Insurance Coverage for Substance Use Disorder Treatment Impedes Care
Public, private payers must ensure patient access to evidence-based treatment
Insurance coverage for the treatment of substance use disorders (SUDs)—which include the misuse of opioids, alcohol, and other drugs—varies dramatically among private and public insurers. While some payers cover the full spectrum of services recommended by evidence-based guidelines, others include arbitrary restrictions or omit coverage for services and medications approved for these diseases by the Food and Drug Administration. In fact, in 2015, nearly a third of Americans who felt they needed, but did not receive, treatment for an SUD cited lack of coverage as a reason.
The American Society of Addiction Medicine (ASAM) has established recommendations for effective SUD treatment based on disease severity. Seven services are incorporated in these guidelines, including inpatient and residential care, services to support long-term recovery, and access to the FDA-approved medications—methadone, buprenorphine, and naltrexone—for the treatment of opioid use disorder.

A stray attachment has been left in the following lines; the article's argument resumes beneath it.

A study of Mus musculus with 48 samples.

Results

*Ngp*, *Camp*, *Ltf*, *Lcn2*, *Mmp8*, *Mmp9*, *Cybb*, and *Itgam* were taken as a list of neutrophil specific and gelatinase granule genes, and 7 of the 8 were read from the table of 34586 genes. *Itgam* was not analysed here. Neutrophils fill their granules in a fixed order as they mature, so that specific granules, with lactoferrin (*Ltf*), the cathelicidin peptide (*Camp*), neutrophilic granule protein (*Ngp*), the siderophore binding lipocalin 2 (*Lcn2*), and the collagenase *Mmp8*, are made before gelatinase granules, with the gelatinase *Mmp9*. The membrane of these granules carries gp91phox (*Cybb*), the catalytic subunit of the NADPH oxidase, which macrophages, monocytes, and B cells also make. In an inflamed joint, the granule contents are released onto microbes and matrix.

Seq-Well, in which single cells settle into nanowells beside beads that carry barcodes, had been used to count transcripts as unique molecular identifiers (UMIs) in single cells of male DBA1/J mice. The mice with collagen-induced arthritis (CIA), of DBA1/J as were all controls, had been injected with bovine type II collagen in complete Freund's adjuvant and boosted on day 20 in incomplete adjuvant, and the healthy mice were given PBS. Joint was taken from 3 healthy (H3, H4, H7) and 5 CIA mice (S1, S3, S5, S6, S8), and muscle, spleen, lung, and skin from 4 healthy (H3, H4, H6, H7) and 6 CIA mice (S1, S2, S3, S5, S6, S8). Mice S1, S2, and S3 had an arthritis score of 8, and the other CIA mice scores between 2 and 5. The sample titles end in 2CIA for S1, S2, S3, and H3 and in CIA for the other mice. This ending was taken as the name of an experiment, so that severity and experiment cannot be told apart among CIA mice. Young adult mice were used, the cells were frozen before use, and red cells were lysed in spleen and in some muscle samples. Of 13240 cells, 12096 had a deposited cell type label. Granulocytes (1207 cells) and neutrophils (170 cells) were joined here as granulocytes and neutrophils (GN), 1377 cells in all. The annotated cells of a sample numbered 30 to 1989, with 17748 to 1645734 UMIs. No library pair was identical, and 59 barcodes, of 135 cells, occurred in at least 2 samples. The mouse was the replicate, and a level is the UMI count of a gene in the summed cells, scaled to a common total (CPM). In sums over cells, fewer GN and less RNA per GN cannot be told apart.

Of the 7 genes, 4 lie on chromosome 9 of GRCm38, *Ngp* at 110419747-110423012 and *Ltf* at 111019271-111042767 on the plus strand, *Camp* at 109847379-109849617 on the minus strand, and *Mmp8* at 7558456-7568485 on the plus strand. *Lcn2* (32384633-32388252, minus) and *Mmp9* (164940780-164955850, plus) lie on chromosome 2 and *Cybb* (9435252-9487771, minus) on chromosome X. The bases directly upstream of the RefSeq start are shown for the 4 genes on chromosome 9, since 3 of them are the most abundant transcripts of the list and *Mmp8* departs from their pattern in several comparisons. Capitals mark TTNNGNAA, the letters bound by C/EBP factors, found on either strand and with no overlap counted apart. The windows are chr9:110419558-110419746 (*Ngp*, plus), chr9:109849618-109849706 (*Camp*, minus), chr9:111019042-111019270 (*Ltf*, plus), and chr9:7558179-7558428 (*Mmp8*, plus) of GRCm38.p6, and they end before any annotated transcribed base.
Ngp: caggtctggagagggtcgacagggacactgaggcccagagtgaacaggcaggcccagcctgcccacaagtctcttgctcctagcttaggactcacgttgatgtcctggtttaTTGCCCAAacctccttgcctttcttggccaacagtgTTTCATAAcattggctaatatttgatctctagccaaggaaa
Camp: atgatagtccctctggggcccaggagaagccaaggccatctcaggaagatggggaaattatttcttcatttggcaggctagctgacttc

Unfortunately, many public and private payers fail to cover the evidence-based care identified by ASAM guidelines. For example, Medicaid coverage varies across states for medications and behavioral care. Only 13 Medicaid programs cover all seven services described in ASAM guidelines. Twenty-one states do not cover residential treatment, and only 32 programs cover methadone.
Even when Medicaid covers SUD treatment services, additional restrictions may apply that can prevent or delay access to evidence-based treatments. While these policies are allowable, their implementation varies across state programs. One such example is prior authorization, which is required for prescribing buprenorphine in 48 state Medicaid programs, but with significant differences in the process and documents needed for approval.
Similar barriers exist in private insurance, and some policies violate parity laws designed to ensure that coverage for SUD and mental health services are on a par with benefits for physical illnesses, such as heart disease or diabetes. In New York, Attorney General Eric Schneiderman brought lawsuits alleging that private insurers were imposing more restrictive limits on SUD services than on other medical and surgical benefits. Ultimately, insurers agreed to eliminate the restrictions and expand access to SUD treatment services.
Policymakers can work with both public and private insurance companies to ensure coverage of the full spectrum of lifesaving and cost-effective SUD treatment services.
Cynthia Reilly directs The Pew Charitable Trusts’ substance use prevention and treatment initiative; Samantha Arsenault works on the project.